Sunday 30 July 1995
! The Fifth Corner of the Room by Israel Metter trs Michael Duncan, Harvill pounds 7.99. Russian readers have discovered a wonderful truth. Many of their favourite "soviet" writers turned out to be even more seditious than they had hoped. A grossly truncated version of this novel appeared in 1967, the part which dealt with the love story of an underachieving maths teacher and the mercurial, beautiful Katya during the 1930s. It became a famous and popular novella in the Brezhnev years, when the passionate insecurity of the romance could be read as a sly criticism of the regime. Now with the suppressed two-thirds restored, Metter's work is revealed as an uninhibited attack on Stalinism, by turns tender, ironic, farcical and tragic.
! Good Company: Diaries 1967-1970 by Frances Partridge, Flamingo pounds 7.99. This fifth instalment of Frances Partridge's diary begins at an important moment in the historiography of the Bloomsbury Group - the year of Holroyd's life of Lytton Strachey. We therefore have Partridge "already ducking in anticipation of the next instalment" in the Sunday Times and clearly not enjoying the exposure of her circle of friends to the wider public gaze. The hallmarks of Bloomsbury are crisply stamped on almost every page of this volume - the fascination with family gossip, devotion to friendship, unblinking frankness, rationalism. To this she adds her own excellent good sense, humour and curiosity which ranges in every direction. It is particularly interesting to read her tolerant, grandmotherly response to the excesses of the Sixties.
! The Brontes by Juliet Barker, Phoenix Giants pounds 9.99. Where do you stand on the Reverend Patrick's parenting skills?Are you for or against Branwell? The role of the Bronte men and how much they constrained, infantilised or otherwise trampled on the sisters' imaginations is a burning question in Bronteology. Barker's inspiration for this massive book was her belief that, while previous biographers have concentrated on individual members of the family, to see them collectively as a single tightly-knit unit both inward- and outward-looking will pay better dividends. So she gives us the sisters operating now as separate people, now as interchangeable members of a literary team. The father, far from being a crabby obscurantist, is a public figure in Haworth, which itself emerges as no storm-blasted outpost, but a busy, modern industrial township. Finally we have Branwell, who on Barker's evidence, was not quite the rakehell of legend.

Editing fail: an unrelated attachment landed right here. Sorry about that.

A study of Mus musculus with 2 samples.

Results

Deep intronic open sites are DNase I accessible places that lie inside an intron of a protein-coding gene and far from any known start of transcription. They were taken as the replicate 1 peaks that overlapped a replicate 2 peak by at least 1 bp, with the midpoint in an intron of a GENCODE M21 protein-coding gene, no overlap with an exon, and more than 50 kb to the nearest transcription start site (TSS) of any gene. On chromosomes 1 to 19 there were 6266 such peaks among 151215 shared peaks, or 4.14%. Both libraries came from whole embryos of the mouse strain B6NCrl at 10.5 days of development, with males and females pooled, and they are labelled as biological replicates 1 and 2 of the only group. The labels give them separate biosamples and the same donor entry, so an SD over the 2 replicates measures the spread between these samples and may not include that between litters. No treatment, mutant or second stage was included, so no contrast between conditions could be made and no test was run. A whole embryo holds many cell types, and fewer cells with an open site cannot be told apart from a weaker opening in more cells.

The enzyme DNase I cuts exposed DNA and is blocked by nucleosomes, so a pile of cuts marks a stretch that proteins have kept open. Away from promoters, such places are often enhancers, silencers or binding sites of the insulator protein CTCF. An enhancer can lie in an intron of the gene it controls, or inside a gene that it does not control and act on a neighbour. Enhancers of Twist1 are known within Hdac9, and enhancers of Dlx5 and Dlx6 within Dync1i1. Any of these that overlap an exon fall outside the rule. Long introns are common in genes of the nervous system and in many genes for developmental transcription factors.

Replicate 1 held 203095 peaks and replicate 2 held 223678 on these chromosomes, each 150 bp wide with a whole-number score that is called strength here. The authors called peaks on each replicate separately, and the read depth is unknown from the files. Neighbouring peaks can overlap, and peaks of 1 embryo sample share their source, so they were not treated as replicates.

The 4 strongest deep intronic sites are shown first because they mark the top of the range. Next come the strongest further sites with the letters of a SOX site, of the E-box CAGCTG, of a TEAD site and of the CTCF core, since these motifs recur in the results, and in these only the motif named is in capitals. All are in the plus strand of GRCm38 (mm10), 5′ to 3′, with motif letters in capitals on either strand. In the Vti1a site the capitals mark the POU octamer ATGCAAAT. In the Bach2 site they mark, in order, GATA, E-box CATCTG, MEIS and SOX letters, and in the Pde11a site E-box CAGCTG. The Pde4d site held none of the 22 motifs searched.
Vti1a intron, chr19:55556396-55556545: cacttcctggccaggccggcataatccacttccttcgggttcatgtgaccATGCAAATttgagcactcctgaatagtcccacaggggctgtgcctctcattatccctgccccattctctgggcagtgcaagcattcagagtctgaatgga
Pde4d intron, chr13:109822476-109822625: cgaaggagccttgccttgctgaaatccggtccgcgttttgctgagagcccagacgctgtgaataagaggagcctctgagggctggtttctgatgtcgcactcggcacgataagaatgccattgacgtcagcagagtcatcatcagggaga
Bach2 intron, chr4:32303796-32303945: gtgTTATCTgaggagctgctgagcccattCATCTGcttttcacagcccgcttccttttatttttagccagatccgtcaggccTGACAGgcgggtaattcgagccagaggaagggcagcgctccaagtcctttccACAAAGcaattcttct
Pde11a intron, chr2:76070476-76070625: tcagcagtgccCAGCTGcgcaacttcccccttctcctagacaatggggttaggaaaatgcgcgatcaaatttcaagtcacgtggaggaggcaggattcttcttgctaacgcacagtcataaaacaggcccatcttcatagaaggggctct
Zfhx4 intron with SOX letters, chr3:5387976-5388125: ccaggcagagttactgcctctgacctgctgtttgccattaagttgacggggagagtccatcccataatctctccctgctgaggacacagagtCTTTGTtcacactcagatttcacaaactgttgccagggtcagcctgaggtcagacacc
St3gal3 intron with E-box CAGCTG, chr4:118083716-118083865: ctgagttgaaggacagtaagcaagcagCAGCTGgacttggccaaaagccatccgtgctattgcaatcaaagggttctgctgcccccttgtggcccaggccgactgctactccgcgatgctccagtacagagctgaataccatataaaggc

! Emerald City by Jennifer Egan, Picador pounds 5.99. These stories, all of which appeared first in upmarket magazines like the New Yorker and GQ, highlight the outwardly-mobile aspects of American culture - trips, vacations, overseas tours. Egan's language is economical and she receives and passes on her perceptions with minimalist efficiency. The effect is cool and distancing, a clever processing of words which nevertheless is highly readable. One which stands out concerns a girl at a convent high school and her crush on a classmate. Egan here achieves an identification which is hypnotic and painful.
! Jack's Life: A Biography of Jack Nicholson by Patrick McGilligan pounds 6.99. The man with zig-zag eyebrows and ambiguous teeth was already a veteran of low-budget westerns and bikesploitation films when, at 31, he was accidentally cast as a disillusioned, whisky-sodden southern lawyer in Easy Rider, a few yards of celluloid which made him famous. He'd been a so-so drama student, excelling only in the acting exercise called "abandonment". Before that lay respectable poverty in New Jersey, in a home full of secrets and melodrama. Only after making Chinatown did Jack discover that his "big sister" was his mother and his "mother" was his grandmother. It all makes him somewhat more interesting than the contents of your average Oscar-night tuxedo.
! Foreign Correspondent: Paris in the Sixties by Peter Lennon, Picador pounds 5.99. Lennon was a fresh-faced Dubliner who set off for Paris in the late Fifties. The book starts life as a rite-of-passage autobiography - Lennon tells us of his first steak au poivre, his early sexual failures, his social gaffes. But as a freelance journalist he had the job of interviewing celebrities, and the book becomes an impressive exercise in name-dropping. At one intellectually congested moment, we find him chatting in a cafe with Ionesco while Beckett sits at a neighbouring table and Sartre and Jean-Luc Godard hob-nob in a corner.